Museum admission is free.

Instagram Takeover | Marlon Hall

Join CAMHLAB artist-in-residence Marlon Hall as he gives insight into his process and what he has planned for his week at CAMH sharing Cultural Amnesia Therapy. Culture is the sum total of the rituals, practices, and values of a people. Amnesia is a partial or complete memory loss due to physical, emotional, or mental trauma. The trauma of life can dismember the mind from the body and the body from the soul of a people. There is an amnesia of a culture that domesticates dreams and deafens the inner voice. This type of amnesia limits an otherwise daring life of reasonable risks and unreasonable hope that can evolve what it means to be human. In this manner, the cultural trauma of COVID-19 can create cultural amnesia that makes us forget why, what, and who we are.

In the midst of a pandemic’s trauma and on the campus of the newly renovated Contemporary Arts Museum of Houston, Artist, Fulbright Specialist, and Visual Anthropologist Marlon Hall will develop a three-part cultural architecture with multi sensory room for a triangular shaped series of healing labs for the mind, body, and soul with: the rituals of music on November 30th featuring an improvisational music performance conducted by Grammy Award Winning Drummer Chris Dave that remembers mind to body, the practice of movement on December 1st with a yoga class scored by a micro-orchestra and taught by Robert Boustany and Nancy Sheridan Perry that remembers the body to soul, and the values of a meal featuring The Black Man Project that remembers the soul back to the body through an intentionally designed and socially distanced right of passage.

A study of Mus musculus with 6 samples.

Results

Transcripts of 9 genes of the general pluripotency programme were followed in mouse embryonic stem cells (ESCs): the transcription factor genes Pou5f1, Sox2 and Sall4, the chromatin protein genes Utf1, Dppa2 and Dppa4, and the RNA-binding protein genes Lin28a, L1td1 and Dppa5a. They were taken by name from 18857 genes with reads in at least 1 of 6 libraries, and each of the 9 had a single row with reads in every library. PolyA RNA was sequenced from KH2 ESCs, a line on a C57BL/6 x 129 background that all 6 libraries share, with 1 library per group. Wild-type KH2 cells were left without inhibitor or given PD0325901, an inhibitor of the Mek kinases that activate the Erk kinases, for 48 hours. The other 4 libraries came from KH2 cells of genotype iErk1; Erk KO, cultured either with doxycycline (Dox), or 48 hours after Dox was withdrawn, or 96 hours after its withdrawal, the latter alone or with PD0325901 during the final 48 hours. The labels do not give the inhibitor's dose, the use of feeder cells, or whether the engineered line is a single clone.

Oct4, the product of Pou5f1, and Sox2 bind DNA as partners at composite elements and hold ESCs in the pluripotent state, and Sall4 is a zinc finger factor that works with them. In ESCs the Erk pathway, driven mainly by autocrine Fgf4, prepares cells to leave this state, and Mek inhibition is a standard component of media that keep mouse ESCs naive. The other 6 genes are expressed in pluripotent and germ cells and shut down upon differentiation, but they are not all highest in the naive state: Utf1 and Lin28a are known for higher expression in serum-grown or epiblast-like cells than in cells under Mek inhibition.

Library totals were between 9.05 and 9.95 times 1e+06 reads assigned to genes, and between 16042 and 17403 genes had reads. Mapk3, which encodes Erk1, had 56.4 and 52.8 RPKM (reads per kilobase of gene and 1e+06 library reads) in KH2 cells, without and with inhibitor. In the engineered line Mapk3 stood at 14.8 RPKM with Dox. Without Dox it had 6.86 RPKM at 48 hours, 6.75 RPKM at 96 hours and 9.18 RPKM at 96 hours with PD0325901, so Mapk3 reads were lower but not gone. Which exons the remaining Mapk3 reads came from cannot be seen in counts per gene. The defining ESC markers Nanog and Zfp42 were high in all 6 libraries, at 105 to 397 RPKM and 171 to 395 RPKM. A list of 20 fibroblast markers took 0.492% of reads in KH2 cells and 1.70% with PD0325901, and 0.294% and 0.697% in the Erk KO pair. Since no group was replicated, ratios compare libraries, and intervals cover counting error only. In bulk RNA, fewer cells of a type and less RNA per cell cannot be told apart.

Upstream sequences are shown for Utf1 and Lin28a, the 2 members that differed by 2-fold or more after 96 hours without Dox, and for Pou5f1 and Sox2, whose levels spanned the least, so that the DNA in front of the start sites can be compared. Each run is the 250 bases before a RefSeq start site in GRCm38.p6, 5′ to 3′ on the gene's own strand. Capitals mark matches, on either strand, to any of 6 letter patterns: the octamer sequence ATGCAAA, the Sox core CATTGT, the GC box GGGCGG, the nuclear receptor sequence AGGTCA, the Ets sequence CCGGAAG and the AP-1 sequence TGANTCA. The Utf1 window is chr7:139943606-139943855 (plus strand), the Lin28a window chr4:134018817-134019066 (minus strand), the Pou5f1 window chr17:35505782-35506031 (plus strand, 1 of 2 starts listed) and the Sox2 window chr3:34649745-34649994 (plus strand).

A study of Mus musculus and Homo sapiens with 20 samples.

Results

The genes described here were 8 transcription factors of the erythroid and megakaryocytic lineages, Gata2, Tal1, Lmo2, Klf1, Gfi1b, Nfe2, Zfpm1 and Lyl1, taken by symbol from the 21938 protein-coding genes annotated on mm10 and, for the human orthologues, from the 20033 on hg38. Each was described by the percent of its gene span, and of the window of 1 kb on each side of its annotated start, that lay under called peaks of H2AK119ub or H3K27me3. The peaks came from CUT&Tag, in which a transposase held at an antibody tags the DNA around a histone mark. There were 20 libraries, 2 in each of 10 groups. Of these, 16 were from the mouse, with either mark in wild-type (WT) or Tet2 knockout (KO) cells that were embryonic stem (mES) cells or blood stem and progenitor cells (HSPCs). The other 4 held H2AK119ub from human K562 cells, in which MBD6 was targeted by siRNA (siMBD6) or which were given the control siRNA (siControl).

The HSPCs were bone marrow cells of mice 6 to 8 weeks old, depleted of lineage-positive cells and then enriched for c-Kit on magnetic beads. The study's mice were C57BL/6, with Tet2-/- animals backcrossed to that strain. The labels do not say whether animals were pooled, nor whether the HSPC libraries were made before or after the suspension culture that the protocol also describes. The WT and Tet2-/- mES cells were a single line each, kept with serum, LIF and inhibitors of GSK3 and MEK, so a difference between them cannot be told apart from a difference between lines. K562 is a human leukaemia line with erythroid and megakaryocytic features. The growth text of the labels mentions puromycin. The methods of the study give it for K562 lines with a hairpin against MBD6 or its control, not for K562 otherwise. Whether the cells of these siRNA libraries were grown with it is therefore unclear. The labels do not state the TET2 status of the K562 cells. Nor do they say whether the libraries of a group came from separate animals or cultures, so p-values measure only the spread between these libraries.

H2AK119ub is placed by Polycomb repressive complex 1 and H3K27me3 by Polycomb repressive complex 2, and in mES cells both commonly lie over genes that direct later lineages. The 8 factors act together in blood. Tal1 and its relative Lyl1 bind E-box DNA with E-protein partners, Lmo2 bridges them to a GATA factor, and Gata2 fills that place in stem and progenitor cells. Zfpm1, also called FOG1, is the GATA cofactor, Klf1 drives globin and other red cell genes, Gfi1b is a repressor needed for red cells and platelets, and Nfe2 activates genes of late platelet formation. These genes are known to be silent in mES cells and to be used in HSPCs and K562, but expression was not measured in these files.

Filmed by an all woman cohort of filmmakers and photographers, we will grow to remember who we are at the core through music, reimagine what we can contribute to the whole through movement, and learn how we can deepen our values at a curated salon meal.

About the Artist

Marlon Hall is a visual anthropologist, U.S. Department of Cultural Affairs Fulbright Specialist, a Tulsa Arts Fellow, and the Greenwood Art Project Anthropologist in residence studying the 1921 Massacre of Black Wallstreet with lead artist Rick Lowe. He has 20+ years’ experience in community film-making, cultural architecture, and visual anthropology with a proven track record of leading organizations, teams, and creative projects from end-to-end to include: films, creative learning ecologies, social sculptures, and community art projects. His life intention is to cultivate human potential in ways that are whimsically beautiful and positively willful.